Lately I’ve noticed that a lot of people in my life are amid some pretty major life changes. Big things like triple digit weight-loss goals, career changes, trying to find the right anti-depressant, trying to wean off anti-depressants, ending a long-term relationship.
There is a common factor in all of these things that I believe very few of us recognize; a serious lack of love for ourselves, and belief that we are not worthy. Not a simple topic.
One friend’s current goal is to stop focusing on what she believes to be her own shortcomings. I don’t get to see or talk to her very often, but she shared this particular goal recently, rather publicly. I was inspired by the her ability to find within herself the courage to let friends know–to admit something pretty huge about her own thoughts, and reach out for support in making a change. I found myself wondering if anyone would have the courage to reach back; to offer any kind of meaningful support.
And so I write…
The not-so-simple fact is that it is easiest to believe the negative things about ourselves. If 5 people tell you that you’re doing something really well, and 1 person tells you that what you’re doing is worthless, most of us will focus heavily on the 1 negative while giving little or no credit to the 5 positives. A simple example of a very complicated part of human nature; self-deprecation.
I believe that the courage to make real change in our lives is born of the willingness to embrace our fears; of fully acknowledging that we have fears and that makes us human. There are countless thousands of self-help books written on just about every human weakness. Precious few actually attempt to teach the reader where to look to find the real answer to the real problem. So many of us go through the motions without truly understanding how we’ve arrived where we now find ourselves. Hence, true change proves frustratingly illusive. We find ourselves stuck in the cycle of feeling like failures, wallowing in the very self-deprecation that caused the problem we’re trying to change.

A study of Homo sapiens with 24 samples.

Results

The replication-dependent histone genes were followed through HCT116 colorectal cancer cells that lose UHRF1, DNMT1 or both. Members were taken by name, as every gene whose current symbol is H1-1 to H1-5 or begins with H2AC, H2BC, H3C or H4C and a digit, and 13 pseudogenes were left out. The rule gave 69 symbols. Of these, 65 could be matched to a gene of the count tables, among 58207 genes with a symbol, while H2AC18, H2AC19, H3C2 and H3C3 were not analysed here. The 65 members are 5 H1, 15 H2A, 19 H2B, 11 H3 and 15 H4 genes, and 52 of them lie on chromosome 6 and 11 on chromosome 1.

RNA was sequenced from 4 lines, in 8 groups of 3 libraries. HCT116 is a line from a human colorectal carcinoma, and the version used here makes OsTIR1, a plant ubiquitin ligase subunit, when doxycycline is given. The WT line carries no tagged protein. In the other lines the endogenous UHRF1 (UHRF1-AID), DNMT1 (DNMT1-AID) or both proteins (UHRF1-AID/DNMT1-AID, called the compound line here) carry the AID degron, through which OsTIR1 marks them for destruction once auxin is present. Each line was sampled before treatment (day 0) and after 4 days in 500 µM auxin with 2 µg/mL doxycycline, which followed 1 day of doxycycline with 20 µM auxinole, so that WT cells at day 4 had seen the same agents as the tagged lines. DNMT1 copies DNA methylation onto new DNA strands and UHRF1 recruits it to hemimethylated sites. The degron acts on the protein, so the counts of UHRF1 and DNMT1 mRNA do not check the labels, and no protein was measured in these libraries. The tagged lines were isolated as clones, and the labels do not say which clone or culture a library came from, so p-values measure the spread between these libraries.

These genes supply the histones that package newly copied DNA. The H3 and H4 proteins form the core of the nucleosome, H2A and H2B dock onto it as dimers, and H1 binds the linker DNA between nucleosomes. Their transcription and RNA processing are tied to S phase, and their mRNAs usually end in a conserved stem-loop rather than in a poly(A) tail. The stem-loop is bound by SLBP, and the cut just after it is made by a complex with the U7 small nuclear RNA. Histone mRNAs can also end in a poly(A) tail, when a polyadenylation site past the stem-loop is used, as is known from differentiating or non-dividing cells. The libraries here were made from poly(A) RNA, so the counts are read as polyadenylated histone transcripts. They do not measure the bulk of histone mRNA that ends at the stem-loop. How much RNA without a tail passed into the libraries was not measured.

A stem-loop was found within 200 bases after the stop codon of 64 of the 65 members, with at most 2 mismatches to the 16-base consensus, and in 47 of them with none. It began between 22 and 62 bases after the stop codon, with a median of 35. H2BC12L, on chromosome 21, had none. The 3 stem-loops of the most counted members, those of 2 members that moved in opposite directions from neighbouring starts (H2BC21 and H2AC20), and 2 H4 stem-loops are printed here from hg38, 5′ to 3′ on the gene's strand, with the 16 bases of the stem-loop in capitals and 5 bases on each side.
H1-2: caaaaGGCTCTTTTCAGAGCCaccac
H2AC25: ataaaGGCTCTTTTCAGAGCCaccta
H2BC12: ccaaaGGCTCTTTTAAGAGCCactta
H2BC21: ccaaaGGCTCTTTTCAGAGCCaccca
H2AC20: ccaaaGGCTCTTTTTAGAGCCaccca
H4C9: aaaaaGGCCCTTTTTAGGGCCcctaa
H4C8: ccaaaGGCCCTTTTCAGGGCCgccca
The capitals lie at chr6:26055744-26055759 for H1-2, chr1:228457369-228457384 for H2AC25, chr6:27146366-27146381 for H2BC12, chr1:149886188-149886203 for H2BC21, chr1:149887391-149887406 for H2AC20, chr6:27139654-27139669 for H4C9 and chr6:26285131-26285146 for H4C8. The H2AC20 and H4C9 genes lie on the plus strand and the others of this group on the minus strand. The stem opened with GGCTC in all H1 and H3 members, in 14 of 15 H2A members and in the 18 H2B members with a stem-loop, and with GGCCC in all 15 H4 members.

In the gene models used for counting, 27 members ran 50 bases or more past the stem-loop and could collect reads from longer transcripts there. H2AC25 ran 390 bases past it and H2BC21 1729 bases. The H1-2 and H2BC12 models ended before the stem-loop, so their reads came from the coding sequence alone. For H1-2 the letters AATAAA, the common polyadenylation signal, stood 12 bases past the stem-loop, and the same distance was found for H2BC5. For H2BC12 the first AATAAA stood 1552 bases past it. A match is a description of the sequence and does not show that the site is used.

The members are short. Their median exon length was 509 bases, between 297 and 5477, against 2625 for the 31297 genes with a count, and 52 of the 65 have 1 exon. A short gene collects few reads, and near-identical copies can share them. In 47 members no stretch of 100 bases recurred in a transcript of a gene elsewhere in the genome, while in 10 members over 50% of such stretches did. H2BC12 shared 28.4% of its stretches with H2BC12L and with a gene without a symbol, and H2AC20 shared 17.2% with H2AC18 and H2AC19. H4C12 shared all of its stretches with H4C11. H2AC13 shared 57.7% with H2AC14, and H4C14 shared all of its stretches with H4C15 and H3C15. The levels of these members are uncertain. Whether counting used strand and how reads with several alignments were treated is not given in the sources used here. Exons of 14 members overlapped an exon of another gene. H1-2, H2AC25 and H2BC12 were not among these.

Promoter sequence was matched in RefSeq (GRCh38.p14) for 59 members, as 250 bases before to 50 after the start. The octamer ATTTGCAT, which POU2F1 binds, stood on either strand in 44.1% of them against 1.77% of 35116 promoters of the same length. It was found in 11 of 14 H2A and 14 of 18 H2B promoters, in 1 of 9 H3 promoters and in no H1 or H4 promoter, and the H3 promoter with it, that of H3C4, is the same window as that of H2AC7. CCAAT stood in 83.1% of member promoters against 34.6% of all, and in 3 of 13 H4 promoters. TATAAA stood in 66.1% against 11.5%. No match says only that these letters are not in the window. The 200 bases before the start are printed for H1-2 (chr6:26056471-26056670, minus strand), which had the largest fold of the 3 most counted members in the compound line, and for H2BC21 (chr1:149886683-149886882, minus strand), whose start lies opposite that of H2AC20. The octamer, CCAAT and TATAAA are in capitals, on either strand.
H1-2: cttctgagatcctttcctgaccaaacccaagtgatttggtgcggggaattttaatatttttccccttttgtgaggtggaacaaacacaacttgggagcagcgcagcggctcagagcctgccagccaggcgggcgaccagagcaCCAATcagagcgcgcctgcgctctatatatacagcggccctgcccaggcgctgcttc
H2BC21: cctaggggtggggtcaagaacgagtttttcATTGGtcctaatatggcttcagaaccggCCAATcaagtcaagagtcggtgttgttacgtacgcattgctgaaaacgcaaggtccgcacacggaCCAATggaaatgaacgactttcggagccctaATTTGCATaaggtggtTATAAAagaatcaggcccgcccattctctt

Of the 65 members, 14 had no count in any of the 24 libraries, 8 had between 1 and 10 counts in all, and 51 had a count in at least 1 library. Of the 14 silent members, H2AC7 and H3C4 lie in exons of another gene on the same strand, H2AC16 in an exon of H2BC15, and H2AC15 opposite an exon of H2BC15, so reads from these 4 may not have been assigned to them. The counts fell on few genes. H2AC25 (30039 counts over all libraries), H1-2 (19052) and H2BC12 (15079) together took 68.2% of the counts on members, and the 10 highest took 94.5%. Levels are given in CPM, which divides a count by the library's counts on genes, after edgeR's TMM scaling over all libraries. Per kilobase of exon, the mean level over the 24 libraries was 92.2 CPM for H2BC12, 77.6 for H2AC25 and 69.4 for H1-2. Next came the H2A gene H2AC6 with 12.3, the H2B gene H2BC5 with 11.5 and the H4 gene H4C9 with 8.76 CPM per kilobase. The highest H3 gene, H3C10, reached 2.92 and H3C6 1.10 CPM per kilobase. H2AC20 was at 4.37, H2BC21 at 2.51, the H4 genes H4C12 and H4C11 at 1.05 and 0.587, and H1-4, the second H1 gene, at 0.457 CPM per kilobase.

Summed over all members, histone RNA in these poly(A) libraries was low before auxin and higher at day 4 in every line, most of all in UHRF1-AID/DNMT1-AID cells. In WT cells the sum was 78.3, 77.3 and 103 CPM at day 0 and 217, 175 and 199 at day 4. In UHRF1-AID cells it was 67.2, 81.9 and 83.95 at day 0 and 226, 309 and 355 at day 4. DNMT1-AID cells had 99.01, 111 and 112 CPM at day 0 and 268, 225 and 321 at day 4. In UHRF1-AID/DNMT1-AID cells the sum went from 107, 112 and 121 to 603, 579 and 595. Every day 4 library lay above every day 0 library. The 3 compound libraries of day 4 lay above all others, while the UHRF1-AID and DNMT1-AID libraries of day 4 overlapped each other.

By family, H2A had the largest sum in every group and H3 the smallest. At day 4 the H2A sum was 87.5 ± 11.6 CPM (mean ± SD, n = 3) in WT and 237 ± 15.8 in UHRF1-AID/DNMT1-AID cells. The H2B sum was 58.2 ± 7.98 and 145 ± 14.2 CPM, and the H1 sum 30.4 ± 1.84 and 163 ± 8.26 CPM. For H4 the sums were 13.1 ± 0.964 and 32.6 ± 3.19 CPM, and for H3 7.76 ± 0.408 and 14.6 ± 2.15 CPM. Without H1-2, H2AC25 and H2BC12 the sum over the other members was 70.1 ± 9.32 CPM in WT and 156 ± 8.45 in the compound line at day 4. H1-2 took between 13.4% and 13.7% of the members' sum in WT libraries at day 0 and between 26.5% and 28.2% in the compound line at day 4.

I don’t pretend to have a short answer to my own problems, or anyone else’s. I have spent the last year or so taking a pretty hard look at my life. There are some things in which I take a great deal of pride. There are some things I want desperately to change; things I’ve tried in the past to change, yet they are still here. Why have I tried and failed? Did I really try?
And so I have begun to explore how real change in my life is going to happen. I solemnly believe that by embracing my fear I take away its power over my life. I’m doing it right now, this very second. Please say it with me; “I am worthy of a better life. My fears do not own me.”